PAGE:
Where For River Walleyes: Early Season River Tips
July 23, 2011
Springtime is the perfect time to fish river walleyes, according to PWT pro and Championship qualifier Bob Hanson. "At this time, take all your gear, and you can probably use it," he said. "This includes everything from trolling cranks to jigging. Some areas demand a certain presentation, and some tactics require a specific area, so start exploring."
Anglers always have favorites, and that is no different for Hanson. He also experiments, and while trolling has added spinner blades ahead of cranks and trolled tandem cranks on one line, just to spice up things a bit. While jigging, plastic plays an important role.
Hanson's rules for trolling are simple, and include original floating Rapala minnows. "I used to run Countdowns, and would probably catch fish if I used them again," he said. "Select small, shiny and thin minnow-imitating cranks."
Other successful methods include:
Casting Mimic Minnows
In all cases, he prefers water less than 6 feet deep, especially when pitching jigs. The key to any of these tactics however, is fishing current breaks. He explained these spots, "Whenever slack water is next to faster water, fish that break." Dubuque rigs and three-way rigs allow an angler to slide back and forth across these breaks, moving upstream or down, while maintaining contact with the bottom.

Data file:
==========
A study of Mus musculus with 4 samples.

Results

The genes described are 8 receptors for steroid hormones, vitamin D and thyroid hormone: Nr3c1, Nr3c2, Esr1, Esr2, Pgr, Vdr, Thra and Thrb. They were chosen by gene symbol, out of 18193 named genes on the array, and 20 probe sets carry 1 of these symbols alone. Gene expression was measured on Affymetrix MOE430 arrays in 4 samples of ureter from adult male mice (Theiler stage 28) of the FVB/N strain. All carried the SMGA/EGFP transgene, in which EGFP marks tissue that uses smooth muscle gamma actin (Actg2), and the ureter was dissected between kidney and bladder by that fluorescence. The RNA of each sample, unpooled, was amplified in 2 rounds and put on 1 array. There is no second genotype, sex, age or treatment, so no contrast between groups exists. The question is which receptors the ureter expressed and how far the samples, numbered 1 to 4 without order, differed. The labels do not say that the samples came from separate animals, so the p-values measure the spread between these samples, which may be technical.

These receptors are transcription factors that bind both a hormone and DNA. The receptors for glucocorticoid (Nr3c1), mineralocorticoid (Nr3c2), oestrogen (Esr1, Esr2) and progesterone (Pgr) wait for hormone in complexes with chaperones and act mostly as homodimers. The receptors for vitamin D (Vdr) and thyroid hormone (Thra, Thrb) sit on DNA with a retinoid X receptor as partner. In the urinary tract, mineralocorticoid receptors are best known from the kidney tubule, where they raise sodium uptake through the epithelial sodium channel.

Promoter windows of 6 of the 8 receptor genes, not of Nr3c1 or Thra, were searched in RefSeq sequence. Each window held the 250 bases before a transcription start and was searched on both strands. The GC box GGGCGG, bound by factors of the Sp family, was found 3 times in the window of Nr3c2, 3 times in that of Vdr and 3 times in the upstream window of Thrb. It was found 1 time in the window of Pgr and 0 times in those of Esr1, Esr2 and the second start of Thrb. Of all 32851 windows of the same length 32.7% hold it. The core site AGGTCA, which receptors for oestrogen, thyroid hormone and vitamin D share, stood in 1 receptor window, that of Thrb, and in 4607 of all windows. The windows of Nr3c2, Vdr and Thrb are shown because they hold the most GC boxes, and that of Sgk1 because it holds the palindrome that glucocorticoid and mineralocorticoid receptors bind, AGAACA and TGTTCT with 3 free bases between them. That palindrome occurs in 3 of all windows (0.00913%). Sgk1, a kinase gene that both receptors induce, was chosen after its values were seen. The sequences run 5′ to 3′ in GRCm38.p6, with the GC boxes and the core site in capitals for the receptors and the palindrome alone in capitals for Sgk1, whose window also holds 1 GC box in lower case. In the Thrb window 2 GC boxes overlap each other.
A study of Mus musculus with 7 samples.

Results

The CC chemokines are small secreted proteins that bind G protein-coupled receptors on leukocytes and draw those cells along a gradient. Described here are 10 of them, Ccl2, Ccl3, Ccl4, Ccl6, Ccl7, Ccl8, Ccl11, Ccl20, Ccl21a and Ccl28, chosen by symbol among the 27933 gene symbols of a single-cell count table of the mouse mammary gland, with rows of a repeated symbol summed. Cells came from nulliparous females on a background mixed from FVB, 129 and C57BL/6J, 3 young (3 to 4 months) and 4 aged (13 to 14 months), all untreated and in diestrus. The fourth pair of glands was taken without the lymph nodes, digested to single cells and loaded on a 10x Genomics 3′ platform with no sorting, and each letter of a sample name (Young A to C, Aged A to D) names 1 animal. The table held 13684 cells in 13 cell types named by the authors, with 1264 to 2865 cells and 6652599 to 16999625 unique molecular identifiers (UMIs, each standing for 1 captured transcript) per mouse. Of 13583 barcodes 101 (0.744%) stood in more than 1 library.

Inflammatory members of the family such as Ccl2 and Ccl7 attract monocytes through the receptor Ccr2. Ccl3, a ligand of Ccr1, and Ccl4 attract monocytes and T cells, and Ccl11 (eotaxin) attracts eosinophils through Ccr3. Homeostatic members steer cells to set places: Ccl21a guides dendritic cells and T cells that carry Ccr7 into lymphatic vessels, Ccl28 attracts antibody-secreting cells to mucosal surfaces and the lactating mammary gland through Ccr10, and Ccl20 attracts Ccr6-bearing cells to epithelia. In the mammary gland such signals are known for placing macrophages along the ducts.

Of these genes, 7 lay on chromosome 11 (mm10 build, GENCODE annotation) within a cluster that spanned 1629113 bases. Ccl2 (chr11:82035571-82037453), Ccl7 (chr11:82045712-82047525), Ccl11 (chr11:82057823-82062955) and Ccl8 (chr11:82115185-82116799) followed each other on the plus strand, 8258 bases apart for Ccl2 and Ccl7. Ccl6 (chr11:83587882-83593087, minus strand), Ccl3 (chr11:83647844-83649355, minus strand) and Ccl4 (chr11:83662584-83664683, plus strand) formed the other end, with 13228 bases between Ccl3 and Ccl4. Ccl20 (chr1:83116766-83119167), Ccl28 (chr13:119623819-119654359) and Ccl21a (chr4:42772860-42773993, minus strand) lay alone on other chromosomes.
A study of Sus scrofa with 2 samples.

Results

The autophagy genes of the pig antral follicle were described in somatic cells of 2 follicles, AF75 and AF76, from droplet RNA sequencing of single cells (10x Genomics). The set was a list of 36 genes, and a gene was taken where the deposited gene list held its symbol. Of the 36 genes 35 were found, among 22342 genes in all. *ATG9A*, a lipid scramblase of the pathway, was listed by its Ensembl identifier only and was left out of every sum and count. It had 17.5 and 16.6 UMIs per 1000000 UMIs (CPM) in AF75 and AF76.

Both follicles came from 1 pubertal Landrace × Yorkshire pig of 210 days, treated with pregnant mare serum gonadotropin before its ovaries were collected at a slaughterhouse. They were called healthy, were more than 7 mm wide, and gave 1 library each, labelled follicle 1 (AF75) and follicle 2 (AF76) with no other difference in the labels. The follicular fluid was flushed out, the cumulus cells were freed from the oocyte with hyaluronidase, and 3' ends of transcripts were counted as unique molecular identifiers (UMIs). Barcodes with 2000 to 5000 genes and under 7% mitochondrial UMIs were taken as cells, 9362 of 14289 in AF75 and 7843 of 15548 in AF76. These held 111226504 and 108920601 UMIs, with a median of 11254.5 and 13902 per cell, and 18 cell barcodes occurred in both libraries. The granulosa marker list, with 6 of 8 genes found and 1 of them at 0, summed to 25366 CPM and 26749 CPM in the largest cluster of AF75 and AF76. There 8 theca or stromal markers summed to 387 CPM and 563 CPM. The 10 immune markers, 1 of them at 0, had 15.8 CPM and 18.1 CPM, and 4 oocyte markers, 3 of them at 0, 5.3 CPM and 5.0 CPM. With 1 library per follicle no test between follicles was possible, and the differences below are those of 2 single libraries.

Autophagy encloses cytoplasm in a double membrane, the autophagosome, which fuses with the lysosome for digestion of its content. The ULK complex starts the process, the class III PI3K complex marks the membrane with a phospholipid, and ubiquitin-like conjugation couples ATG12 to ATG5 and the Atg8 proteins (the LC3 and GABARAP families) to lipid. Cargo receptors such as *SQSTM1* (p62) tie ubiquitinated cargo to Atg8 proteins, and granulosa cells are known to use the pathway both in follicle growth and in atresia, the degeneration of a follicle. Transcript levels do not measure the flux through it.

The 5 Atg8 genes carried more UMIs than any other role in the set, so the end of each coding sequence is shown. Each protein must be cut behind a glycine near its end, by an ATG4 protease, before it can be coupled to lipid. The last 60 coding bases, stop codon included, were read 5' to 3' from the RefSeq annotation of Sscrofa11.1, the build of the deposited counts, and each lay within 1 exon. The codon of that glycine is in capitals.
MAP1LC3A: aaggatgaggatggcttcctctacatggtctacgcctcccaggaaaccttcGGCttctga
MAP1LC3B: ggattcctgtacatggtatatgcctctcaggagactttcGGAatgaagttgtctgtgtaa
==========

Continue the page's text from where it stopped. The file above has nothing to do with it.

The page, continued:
Jigging with 1/4-ounce Rattlin' Fire-Ball jigs (firetiger color) is an early season (prespawn or postspawn) walleye standby. Tipping a jig with a 2- to 3- inch minnow or white PowerBait of the same size produces for Hanson. He pitches the jigs right on shore and twitches them down breaks. "If anything makes a difference at this time, it's water temperature. The warmer the better for baitfish, which suck in the walleyes," he said.
When fishing wingdams, Hanson fishes on top and the backside with three-way rigs. He also pitches jigs on top and lets them tumble down the edge. He hooks minnows as deep into the mouth as possible and makes sure the hook point exits exactly on the centerline.
On rivers, start any search as close to the dam as possible. Many opportunities exist for slack-fast water current breaks, and any could hold fish. These might include shorelines, the backsides of islands, concrete spillways. Bottom structure that's firm (clam beds, rocks, gravel) is better than muck.
When pitching jigs shallow, Hanson prefers 6- or 8- pound Trilene Solar XT monofilament line, but uses FireLine when fishing vertically. His only other advice for rivers is: "If all else fails, go to the deeper holes near the dam and fish sauger right in the middle of the current, and use orange Fire-Ball jigs."